I just bought a 1981 cruiser. It isn't a full keel
like my last one. I wouldn't buy a full keel
again. Feels pretty good in a seaway but too much of a slug. I do have a skeg-hung rudder
and wouldn't buy one without it for offshore
. That's personal preference.
I have also worked on too many full pan boats and wouldn't have one. Too damn hard to fix or add things - like wire for windlasses. Or wire for anything for that matter. The little conduits they put on are a joke. I also like a bilge
to catch and hold that bit of water that invariably gets in. Personal preference.
Handholds and a u-shaped galley
are musts for me though. Been there done that. Almost lost
the Admiral from the galley
even with the U. She wasn't clipped in. Got seriously banged up and carried the scars to this day. Even handholds aren't enough at times. A cat would be ok without though but other personal preference things with those for me.
Don't need 4" thick GRP. Lighter is better so long as it is strong. Some new boats are some aren't. I'd be fine with aluminum
but haven't found the right boat with that yet on the market for a price
I could afford.
Big cockpits are great at anchor
or in a marina. I really miss our old center cockpit
for just that alone. But I would have one of the new ones with the wide open exposed cockpits. Would put up some side curtains and some hard points for clipping in but heaven help you if a wave picks you up and throws you that far away. Can't seem to find those nice calm passages 100% of the time. Only takes one of the 5% to ruin your day. Sure would be nice though. Personal preference. Lots of people have gone RTW with those kind of boats.
I do like a boat that has that "dead" sound feel to it when all hell is breaking loose outside. It can be scary enough anyway. Personal preference.
I have looked at the new production boats and some meet my personal preferences, others don't. Other than the less than appealing lines (personal preference) the Island Packets and the Pacific Seacraft
are good seaworthy
as defined by my personal preference. No way can I afford a cat and it would be prohibitively expensive to keep one moored here (for me).
Other stuff you need regardless - good sails
, anchor, rode
, safety gear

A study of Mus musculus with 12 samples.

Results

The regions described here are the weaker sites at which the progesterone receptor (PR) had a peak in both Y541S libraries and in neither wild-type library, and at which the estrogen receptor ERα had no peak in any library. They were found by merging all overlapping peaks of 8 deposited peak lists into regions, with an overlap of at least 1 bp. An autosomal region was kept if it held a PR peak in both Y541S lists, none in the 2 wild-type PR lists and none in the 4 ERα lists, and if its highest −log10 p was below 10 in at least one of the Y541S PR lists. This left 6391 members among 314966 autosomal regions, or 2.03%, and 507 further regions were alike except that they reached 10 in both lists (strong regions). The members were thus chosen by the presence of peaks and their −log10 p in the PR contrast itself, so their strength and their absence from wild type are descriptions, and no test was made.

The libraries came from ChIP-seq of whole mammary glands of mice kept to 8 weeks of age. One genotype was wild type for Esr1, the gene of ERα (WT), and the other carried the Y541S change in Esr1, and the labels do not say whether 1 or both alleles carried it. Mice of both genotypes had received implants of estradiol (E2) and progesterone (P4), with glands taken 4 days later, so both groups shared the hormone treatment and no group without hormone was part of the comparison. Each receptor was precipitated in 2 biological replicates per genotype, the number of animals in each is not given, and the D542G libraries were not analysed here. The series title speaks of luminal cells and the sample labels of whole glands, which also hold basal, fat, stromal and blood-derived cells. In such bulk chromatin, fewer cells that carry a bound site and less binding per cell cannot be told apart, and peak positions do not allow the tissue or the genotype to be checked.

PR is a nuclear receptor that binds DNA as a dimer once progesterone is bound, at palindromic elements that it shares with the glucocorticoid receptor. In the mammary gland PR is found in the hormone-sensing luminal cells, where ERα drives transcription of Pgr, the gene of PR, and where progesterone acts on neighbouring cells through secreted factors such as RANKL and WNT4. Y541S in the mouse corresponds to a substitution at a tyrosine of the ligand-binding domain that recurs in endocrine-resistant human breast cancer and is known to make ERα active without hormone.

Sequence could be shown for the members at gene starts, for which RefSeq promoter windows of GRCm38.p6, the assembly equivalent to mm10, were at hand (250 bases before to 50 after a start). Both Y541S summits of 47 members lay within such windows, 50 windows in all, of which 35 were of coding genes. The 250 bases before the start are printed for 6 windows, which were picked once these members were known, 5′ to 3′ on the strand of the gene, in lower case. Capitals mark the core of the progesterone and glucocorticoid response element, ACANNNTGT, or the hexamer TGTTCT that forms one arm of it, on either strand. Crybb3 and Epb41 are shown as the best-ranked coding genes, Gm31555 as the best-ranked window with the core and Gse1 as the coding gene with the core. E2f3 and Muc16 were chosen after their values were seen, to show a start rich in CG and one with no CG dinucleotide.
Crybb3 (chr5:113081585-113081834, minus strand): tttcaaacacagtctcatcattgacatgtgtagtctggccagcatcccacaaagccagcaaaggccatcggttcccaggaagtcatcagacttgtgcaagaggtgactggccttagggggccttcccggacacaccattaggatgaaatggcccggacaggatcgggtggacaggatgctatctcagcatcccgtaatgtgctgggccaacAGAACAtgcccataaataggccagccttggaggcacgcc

, radios, electronics
, tankage (enough whatever that is), etc. I'm just happy that there are older boats that have been sorted out with cruising gear
that appeals to me, that are strong enough for where I want to go, that have been maintained to a level I can continue on my budget
, that I can work on, at a price
I can afford. Most newer boats don't meet my personal preferences. I wish they did. Who doesn't like having a nice shiny new thing. But I'll never buy a new house again. Costs too much to get it ready.
One thing is totally clear - older boats like I just described stay on the market about 2-3 weeks before they are gone. They have to be "clean" but you know what I mean. I have friends who have been looking for a year now. I looked for over a year and one boat I liked after another got sold while I was thinking about it. Plenty of trashed boats that "have" my personal preferences but I don't have the time, interest, or money
to fix them back up. And I can't afford any newer boats that come close that I can afford. They are out there.
Nigel Calder's "old" Malo 46 "Serene" is for sale
for $599k if anyone is interested. He did a nice job with a newish design and build from a reputable yard. I just bought mine for $120k and will put in about $30-40k in to it to get to about the same kit that Serene has. And mine will be as safe, comfortable, and fast as his. Although I had to settle for less tankage than I would prefer. Always have to "settle" for something or another.
I am happy to hear about how I didn't do my homework right and that there are other "better" boats out there for the same money
, etc. All I can say is that I used my previous experiences and developed my own personal preferences and budget
and there aren't any newer boats that meet those. To each his/her own. There are still older boats that will outlive me and many of you. And there will be a lot of newer boats which won't.
But cars a like that too. Some are classics and durable and some aren't. I have a 2001 4Runner that meets my personal preferences. I don't want all the new electronics
. Hell - I had to replace the computer on the 4R for one boat buck. Newer ones are worse. I had to special order the Admiral's new car without a center GPS
display. Don't want that "feature" to fix for three boat bucks. Built in electronics are a growth industry for car dealers. But that's a different story. Newer is not always better.